Veganism, Methane and the End of the World As We Now Know It

I recently read an article called “A New Global Warming Strategy” in which the author Noam Mohr concludes that “arguably the best way to reduce global warming in our lifetimes is to reduce or eliminate our consumption of animal products. Simply by going vegetarian (or, strictly speaking, vegan), we can eliminate one of the major sources of emissions of methane, the greenhouse gas responsible for almost half of the global warming impacting the planet today.”

Methane is not only produced by belching cows (which is also the source of 2/3rds of all ammonia) but also comes from livestock and poultry manure.

Noam Mohr’s article is excellent and I encourage everyone to read it. It did get me thinking though. The article advocates a vegan diet as a realistic and effective way of reducing greenhouse gases which is essential for the well being of the planet. But what if everyone went vegan – what would the world be like?

One thing is for sure. There would be some very unhappy people and in all likelihood a major worldwide economic collapse.

For starters the people involved in the following industries would suffer. Meat, dairy, eggs, fast food chains, major supermarkets, all confectionery manufacturers using dairy in their products, pasty makers, most restaurants and TV cooking shows and the myriad of retail outlets that sell animal based products. You would also have to include the leather and wool industries as their products also come from livestock.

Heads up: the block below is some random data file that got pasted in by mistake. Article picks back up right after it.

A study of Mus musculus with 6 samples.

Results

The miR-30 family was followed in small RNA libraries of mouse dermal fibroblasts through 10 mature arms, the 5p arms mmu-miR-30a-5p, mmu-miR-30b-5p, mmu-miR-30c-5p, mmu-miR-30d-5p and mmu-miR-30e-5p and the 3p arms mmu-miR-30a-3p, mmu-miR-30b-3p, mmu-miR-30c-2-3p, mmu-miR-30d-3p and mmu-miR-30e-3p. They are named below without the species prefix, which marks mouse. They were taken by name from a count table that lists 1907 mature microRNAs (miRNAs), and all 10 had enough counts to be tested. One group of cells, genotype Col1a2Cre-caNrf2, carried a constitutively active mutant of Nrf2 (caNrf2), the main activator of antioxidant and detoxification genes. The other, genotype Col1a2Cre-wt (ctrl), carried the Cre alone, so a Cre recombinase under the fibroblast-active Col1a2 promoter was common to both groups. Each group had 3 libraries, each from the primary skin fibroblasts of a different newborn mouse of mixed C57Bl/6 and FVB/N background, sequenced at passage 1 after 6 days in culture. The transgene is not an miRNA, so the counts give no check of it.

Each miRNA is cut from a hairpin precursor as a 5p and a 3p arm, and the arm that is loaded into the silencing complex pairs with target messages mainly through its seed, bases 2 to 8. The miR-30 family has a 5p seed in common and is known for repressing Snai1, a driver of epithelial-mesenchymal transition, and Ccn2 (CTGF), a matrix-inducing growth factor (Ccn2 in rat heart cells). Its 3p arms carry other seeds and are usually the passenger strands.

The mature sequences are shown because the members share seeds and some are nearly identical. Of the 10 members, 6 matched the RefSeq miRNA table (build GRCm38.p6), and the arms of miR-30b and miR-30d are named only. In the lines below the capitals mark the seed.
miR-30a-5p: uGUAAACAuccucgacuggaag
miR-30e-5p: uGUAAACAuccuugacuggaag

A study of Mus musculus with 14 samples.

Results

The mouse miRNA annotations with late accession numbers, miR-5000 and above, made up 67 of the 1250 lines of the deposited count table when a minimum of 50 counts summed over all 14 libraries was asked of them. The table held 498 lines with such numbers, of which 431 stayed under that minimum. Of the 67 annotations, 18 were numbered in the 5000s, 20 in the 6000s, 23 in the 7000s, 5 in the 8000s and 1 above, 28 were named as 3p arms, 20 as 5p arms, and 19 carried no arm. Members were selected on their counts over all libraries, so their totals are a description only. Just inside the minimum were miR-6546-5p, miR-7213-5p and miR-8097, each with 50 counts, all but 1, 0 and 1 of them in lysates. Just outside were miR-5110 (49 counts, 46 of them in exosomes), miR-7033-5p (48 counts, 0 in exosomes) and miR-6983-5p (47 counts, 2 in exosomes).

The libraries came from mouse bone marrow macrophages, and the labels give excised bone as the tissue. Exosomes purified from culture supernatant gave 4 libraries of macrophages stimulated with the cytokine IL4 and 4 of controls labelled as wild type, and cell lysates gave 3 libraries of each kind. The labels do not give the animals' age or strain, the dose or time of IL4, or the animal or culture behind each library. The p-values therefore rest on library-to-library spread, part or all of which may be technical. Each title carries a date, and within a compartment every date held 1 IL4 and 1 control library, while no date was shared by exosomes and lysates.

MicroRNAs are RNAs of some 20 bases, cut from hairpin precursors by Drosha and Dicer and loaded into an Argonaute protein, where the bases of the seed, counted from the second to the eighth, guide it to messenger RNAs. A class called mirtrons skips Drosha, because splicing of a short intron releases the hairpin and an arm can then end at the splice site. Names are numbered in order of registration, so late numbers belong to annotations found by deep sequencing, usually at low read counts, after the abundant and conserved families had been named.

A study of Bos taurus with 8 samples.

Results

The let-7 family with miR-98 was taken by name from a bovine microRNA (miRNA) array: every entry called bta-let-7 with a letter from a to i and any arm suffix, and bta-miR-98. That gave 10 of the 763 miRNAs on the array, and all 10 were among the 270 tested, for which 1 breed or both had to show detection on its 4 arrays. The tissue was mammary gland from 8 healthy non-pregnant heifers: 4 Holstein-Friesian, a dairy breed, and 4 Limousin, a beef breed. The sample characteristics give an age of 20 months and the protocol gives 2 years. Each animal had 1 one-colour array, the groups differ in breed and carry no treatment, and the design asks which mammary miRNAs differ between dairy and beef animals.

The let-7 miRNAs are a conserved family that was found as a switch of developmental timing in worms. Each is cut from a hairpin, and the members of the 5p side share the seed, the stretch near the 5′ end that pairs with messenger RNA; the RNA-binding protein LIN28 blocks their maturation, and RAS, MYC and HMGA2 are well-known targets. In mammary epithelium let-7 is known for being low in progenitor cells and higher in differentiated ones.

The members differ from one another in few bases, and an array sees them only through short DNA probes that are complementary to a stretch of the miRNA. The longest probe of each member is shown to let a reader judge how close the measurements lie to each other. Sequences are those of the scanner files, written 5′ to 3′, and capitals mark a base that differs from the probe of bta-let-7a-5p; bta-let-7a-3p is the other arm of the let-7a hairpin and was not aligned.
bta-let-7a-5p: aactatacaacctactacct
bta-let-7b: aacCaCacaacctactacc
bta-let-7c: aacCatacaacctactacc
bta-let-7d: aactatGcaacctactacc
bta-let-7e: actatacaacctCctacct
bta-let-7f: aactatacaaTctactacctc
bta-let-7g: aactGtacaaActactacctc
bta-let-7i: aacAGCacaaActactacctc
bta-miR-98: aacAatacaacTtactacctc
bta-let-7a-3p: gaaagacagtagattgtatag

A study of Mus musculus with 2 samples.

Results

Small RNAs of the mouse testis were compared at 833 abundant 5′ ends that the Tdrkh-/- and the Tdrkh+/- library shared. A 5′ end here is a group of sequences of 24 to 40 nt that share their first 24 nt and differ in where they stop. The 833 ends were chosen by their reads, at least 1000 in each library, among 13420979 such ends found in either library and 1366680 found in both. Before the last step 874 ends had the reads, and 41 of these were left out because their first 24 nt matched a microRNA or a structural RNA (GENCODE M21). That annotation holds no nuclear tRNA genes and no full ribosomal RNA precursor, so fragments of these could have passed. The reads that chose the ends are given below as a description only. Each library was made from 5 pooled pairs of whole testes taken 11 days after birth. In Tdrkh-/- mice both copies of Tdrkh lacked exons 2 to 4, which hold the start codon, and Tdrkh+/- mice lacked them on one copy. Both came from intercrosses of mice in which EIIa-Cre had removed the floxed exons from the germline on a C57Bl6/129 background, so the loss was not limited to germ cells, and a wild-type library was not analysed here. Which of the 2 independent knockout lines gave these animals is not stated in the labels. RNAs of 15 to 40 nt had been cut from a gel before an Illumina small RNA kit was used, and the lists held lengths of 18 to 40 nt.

When you think about it there is hardly any aspect of human existence that does not involve products that come from animals. Food, clothing, furniture, sporting goods, the list goes on. Since major animal using companies are also listed on the stock market, their demise would also have a major impact on portfolios and pension and superannuation funds.

If we were to take it a step further and we all stop eating things that are not good for us, there go soft drinks, alcohol and most supermarket food items because they contain trans fatty acids and too much salt and sugar.

It would also mean that people would be healthier, live longer and not be such a burden on the health system. But that’s going to put many health professionals out of work (one of the few work sectors thriving in today’s modern society). The pharmaceutical industry would also take a big hit. And who is going to pay for the millions of people who are living longer, as we must assume they would if they were eating only healthy food?

Following a vegan diet while good for the individual, is not something that if everyone was to do it, would ever enable the survival the economic system as we now know it. Our system relies on bad health and other problems that people can be employed to solve. The police rely on criminals, soldiers rely on the prospect of global conflict, lawyers rely on personal and corporate disputes, banks rely on people putting themselves in debt, and fast food chains rely on peoples craving for sugar, salt and fat. Do we want to see the downfall of things as we now know them? Hmm… I guess that poses an interesting question. If I am advocating a vegan diet or vegan lifestyle, which I am, does that make me a subversive?